Will Bob McNair Kill The 2011 NFL Season?

Discussion in 'The National Football League' started by Double Barrel, Aug 9, 2010.

  1. Double Barrel

    Double Barrel Modified Simian


    It would be a shame to kill the golden goose, and while it is admirable that Mr. McNair is going to bat for Cushing right now, let's not forget his primary reason for buying an NFL team: profit.
     

    gtexan02 Working?


    Edit: Maybe I should explain my position more.

    The problem that I see with 100% revenue sharing is that seems to punish the teams in the best markets. Especially teams like Houston, which are still building an identity and fanbase. That extra money may be used to hire better coaches, give better contracts, improve our stadium, etc. All things necessary to building a reputation.

    If we're going to have 100% revenue sharing, will it follow that the large market owners get to dictate how the smaller market teams run? If McNair doesnt like the way a team like Jacksonville or Buffalo is operating, those losses will end up costing him and everyone else profit.

    Im not trying to say that revenue sharing in general is a bad idea, just that there seems like a middle ground somewhere in there that will allow big markets like Houston and Dallas to reap the benefits of their investments and marketing while also allowing the smaller markets to keep up.

    I understand why revenue sharing is necessary to keeping small markets in business. Especially when you compare other teams to Dalls.

    But to compare a team like the Packers (small market?) to a team like the Texans gets confusing. They have a huge advantage in terms of history, fanbase, etc. If we want to compete in the NFL, we're going to need some of the advantages that come from being in a successful market like Houston. It could help us build to the point that we can compete on other levels, besides just raw profit margins.
     
  3. Hervoyel

    Hervoyel The Right Track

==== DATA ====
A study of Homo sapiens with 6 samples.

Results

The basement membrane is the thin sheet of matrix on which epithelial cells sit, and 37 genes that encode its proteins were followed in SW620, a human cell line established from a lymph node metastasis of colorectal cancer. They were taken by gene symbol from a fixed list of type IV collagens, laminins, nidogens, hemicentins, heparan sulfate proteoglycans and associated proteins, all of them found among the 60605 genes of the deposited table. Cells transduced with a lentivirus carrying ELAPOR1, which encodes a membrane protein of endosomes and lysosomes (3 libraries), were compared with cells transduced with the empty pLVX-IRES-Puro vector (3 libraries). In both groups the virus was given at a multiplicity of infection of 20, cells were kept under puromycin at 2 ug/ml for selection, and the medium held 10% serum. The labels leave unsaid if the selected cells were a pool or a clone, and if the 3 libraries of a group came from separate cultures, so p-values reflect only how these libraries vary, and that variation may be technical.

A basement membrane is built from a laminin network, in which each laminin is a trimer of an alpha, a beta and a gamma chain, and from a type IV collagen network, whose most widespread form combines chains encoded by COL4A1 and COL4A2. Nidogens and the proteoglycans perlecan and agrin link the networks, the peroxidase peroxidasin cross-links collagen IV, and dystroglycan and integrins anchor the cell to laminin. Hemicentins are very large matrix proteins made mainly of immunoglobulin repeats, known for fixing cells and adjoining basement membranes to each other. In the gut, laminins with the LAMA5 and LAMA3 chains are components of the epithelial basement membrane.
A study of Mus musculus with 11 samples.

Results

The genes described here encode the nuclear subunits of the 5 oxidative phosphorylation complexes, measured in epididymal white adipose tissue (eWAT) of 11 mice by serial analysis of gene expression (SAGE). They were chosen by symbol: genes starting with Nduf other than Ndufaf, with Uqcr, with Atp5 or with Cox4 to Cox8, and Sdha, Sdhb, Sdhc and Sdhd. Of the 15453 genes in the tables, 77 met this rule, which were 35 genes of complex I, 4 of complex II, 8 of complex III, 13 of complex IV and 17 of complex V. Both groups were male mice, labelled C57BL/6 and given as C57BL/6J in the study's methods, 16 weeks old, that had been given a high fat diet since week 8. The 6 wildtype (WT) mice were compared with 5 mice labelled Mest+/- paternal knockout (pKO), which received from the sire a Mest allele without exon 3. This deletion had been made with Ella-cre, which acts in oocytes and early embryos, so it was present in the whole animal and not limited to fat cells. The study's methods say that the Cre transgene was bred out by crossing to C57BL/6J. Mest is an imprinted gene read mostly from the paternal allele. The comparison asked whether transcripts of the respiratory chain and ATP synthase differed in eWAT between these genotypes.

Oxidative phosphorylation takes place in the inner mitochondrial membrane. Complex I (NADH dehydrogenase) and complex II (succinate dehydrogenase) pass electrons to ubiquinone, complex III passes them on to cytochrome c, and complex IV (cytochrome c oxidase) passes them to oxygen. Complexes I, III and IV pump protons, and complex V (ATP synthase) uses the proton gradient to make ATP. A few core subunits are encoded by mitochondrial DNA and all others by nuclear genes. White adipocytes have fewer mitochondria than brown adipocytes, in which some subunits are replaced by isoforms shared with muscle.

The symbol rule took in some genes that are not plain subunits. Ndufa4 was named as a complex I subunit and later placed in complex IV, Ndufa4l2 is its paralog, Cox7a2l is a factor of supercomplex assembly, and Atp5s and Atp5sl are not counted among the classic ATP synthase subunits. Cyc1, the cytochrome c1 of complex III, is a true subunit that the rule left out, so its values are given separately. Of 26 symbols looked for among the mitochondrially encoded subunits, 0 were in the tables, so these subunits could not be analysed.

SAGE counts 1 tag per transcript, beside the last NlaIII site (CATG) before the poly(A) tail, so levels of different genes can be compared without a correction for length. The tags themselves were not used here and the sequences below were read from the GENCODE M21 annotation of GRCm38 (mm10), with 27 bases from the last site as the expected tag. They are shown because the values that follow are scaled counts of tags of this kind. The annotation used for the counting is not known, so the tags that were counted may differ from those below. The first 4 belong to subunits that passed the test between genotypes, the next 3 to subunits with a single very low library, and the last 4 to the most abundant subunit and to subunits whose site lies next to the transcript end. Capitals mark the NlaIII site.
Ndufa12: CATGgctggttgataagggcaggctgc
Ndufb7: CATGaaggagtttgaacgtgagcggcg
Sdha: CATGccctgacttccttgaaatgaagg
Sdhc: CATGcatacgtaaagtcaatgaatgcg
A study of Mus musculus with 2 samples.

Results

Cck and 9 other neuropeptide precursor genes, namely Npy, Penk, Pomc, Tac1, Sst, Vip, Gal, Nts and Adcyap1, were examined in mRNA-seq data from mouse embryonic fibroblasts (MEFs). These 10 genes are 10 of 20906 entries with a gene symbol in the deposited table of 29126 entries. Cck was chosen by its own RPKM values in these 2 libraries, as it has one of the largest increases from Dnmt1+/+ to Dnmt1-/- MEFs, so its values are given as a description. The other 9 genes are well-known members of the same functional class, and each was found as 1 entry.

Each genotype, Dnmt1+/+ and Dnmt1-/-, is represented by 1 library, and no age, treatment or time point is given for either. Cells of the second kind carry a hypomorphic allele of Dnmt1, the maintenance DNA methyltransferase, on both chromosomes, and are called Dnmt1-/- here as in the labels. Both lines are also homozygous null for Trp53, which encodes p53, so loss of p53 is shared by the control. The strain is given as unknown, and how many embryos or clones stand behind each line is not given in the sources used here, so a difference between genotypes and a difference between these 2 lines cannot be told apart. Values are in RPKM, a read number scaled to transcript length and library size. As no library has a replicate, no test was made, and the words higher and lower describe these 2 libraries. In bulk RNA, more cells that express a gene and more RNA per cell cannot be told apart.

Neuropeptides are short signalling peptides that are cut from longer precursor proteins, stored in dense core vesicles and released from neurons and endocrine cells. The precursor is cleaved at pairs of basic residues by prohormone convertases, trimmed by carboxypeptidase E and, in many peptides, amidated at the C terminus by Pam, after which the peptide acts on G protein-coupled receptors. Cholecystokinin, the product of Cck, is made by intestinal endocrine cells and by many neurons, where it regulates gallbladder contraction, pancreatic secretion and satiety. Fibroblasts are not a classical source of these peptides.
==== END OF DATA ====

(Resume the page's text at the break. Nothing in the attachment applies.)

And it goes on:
The "big market" owners are just wrong here.
     
  4. Hervoyel

    Hervoyel The Right Track

     

    Cjeremy635 Overtraining

     
  6. Double Barrel

    Double Barrel Modified Simian

     
  7. JB

    JB Old Curmudgeon

     
  8. Texan_Bill

    Texan_Bill Subscribed Contributor


    Let's say Reliant sells 70,000 seats and Jax. sells 50,000 seats. Why should the Texans cut their revenues on ticket sales / food / drink etc...?
     


  9. JB

    JB Old Curmudgeon

     
  10. Dutchrudder

    Dutchrudder King of the Potato People


    How does revenue sharing effect the NFL's competitiveness versus having a salary cap? How would it effect the NFL if they had both?

    - It's my understanding that the salary cap is meant to even the playing field so that large market teams can't outspend small market teams regardless. In that case, I don't see how revenue sharing would change the competitiveness of the league unless small market teams don't generate enough money to hire a payroll that meets the salary cap each year.
     
  11. eriadoc

    eriadoc Texan-American

     
  12. WWJD

    WWJD Hall of Fame

     
  13. Double Barrel

    Double Barrel Modified Simian


    The NFL has had both in place for years, and IMO, it has served the league very well. I think ALL fans should feel that their team has a fighting chance before every new season, which is the exact opposite that MLB fans feel every year.
     

    ubecool454 Hall of Fame

     
  15. steelbtexan

    steelbtexan Hall of Fame


    Looks like no football in 2011, I guess being the 10 richest franchise in all of sports isn't enough. GREED.........

    Thanks uncle BoB
     
  16. FirstTexansFan

    FirstTexansFan The Unknown Fan

     

    drs23 Veteran

     
  18. gtexan02

    gtexan02 Working?


    I said 100% revenue sharing. Some revenue sharing is obviously required to keep the small market teams in play
     
  19. badboy

    badboy Site Contributor


    Link http://www.profootballweekly.com/2010/01/31/looming-cba-issues-cloud-nfls-future

    A very long but good read imo. The problem I have with small markets is some do nothing to help themselves. For years the Buffalo owner refused to sell name rights for his stadium. Hopefully both owners and players realize they might be allowing something good to get away.
     
  20. Double Barrel

    Double Barrel Modified Simian


    Good article, man. Thanks for posting it. And very good point about the plight of some small market teams. It is all to be considered when analyzing the big picture.

    Unfortunately, Joe Fan is the one that will end up losing in the end, with the potential of a missed season and rising prices on everything.